The Turbot War of 1995 saw Canada seize a Spanish fishing vessel the Canadians claim was over-fishing waters just outside Canada’s Exclusive Economic Zone. Over a span of several weeks, battle lines were drawn along Anglo-American and European Continental lines as the British and Irish sided with Canada in the international conflict against, it seemed, every other country in the European Union.
At that time, the natural resource under contention was fish. Now at issue between China and Japan are deposits of oil and other natural resources in an island chain the Chinese call the Diaoyu Islands and the Japanese call the Senkaku. At stake for the moment is Japan’s access to rare earth metals it uses in its celebrated electronics and motors. Also held hostage is world’s ability to develop clean and renewable energy technologies to ensure the survival of entire societies.
The Chinese leadership’s backroom wink to customs agents and state-run refineries to hold up shipments of rare elements to Japan lifted the dispute from a mere diplomatic wrangle to that of trade war. In more sensitive times the move may have been construed as an act of war; indeed, it was America’s embargo of oil to Japan in 1941 that catalyzed the Japanese attack on Pearl Harbor. Rare metals, though, are the key to the consumer electronics and wind power industries entire societies rely on to keep their economies growing and their citizens employed.
Western lack of foresight into how strategic the rare earth elements were to industry growth allowed mines in Australia and America to be closed as the Chinese emphasized market share over profitability. Now, China controls 90% of the rare earths market. One element in particular, neodymium, is key to the the sustainability of the wind power industry. Neodymium is a rare earth element which, when combined in an alloy with iron and boron, forms the strongest known type of permanent magnet. Neodymium has become ubiquitous in hard drives, computers and now green technology hybrid vehicles. The vehicles use these magnets in their servomotors. Wind turbines use the magnets in their generators.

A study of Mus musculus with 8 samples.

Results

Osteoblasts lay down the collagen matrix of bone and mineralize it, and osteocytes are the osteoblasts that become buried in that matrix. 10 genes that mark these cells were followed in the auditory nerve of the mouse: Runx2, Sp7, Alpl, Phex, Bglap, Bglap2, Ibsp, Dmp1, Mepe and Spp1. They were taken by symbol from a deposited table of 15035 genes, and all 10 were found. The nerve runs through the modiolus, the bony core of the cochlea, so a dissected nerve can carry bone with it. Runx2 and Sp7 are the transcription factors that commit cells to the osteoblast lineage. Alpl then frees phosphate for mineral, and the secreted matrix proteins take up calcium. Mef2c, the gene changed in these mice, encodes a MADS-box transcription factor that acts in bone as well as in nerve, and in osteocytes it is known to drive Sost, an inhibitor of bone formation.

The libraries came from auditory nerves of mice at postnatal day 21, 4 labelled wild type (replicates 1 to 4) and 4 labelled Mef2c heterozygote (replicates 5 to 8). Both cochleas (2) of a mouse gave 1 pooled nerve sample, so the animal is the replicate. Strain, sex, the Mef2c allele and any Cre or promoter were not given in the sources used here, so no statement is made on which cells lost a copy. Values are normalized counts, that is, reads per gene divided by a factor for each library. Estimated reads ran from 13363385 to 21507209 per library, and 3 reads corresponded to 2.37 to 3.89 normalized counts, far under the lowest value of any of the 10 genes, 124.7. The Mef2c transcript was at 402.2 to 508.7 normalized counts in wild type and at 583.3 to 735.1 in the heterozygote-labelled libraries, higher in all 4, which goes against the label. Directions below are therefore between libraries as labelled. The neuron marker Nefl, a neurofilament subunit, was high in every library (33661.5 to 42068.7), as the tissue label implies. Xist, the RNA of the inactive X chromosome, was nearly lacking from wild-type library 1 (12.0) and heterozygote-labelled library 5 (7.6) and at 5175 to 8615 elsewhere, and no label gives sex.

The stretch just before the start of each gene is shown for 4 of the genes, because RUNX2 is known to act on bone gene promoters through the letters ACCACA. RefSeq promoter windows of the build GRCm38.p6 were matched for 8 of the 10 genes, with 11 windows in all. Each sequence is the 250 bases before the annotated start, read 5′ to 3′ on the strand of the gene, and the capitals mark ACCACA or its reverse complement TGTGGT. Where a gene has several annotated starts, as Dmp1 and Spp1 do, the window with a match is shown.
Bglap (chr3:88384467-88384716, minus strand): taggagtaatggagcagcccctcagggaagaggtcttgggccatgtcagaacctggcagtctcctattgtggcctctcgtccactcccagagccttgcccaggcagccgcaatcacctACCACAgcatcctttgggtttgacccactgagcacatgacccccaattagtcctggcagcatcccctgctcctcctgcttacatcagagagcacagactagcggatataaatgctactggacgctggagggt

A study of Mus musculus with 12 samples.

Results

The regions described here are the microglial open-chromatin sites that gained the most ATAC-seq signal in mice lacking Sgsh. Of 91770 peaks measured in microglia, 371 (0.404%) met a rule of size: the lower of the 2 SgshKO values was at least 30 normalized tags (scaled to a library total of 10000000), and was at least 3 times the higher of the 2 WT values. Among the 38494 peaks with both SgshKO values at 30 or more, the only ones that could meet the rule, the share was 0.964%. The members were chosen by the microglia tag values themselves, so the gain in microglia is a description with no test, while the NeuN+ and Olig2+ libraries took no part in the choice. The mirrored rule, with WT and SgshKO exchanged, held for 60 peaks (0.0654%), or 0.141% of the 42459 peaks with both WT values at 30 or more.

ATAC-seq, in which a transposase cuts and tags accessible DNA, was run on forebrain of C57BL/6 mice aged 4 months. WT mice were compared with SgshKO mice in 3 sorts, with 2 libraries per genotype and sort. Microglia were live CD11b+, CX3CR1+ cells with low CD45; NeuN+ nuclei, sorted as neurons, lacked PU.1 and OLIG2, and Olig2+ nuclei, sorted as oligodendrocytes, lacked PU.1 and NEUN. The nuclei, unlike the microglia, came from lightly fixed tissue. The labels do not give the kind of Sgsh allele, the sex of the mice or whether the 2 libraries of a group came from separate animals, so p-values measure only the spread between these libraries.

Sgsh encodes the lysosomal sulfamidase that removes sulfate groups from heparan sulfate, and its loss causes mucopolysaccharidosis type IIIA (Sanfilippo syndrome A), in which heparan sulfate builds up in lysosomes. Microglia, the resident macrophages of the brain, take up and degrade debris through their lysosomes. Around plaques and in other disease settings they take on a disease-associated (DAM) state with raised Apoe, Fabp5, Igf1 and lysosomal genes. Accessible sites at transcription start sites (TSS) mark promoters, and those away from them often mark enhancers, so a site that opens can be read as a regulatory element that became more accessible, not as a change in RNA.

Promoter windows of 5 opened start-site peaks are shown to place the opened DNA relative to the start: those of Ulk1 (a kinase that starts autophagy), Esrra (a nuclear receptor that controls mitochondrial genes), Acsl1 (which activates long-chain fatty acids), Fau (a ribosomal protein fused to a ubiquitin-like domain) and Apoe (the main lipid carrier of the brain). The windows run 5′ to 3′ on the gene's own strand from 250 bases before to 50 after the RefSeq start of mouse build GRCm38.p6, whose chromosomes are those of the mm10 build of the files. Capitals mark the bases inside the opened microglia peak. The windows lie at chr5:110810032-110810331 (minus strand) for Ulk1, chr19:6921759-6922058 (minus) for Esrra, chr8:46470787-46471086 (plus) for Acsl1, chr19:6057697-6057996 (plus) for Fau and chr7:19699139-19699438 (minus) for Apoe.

Though China has never before threatened economic blackmail of other countries’ interests, its embargo on rare earth elements has served as a wake-up call to countries and multinationals that depend on the materials for their livelihoods. Now, with US Congressional gears cranking into action, America will certainly accelerate its plans to reopen mines it had moth-balled in light of cheap Chinese rare earth metals. Further, multinationals will be much more cautious about entrenching themselves in Chinese domestic markets in which they too may one day be held to blackmail unless they follow central government proclamations. Certainly, the international drive toward alternative energy will rachet up innovation in the search for new materials and technologies that will reduce dependence on ores a single country – for now – all but controls. Just weeks before the recent spat, the Japanese firm Hitachi announced it had developed its own alternative to motors that use magnets dependent on neodymium. It created a motor that uses ferric oxide magnets with magnetic fields that deliver the same performance as a rare-earth magnet, and uses 10% less power.
Though China may for now have made a great catch through its monopoly on rare earth metals, it risks being the one in the years to come holding an empty net: other countries, forced to innovate on to new technologies and materials, will have bigger fish to fry.
Bill Dodson is Director of Strategic Analysis for TrendsAsia Ltd, based in Shanghai. TrendsAsia specializes in market research in the clean and renewable energies sector in China. The company’s blog chinaenergysector.com publishes daily news, commentary and podcasts about developments in the sector. Bill is the author of China Inside Out: 10 Irreversible Trends Re-shaping China and its Relationship with the World (John Wiley, 2010). He can be reached at firstname.lastname@example.org.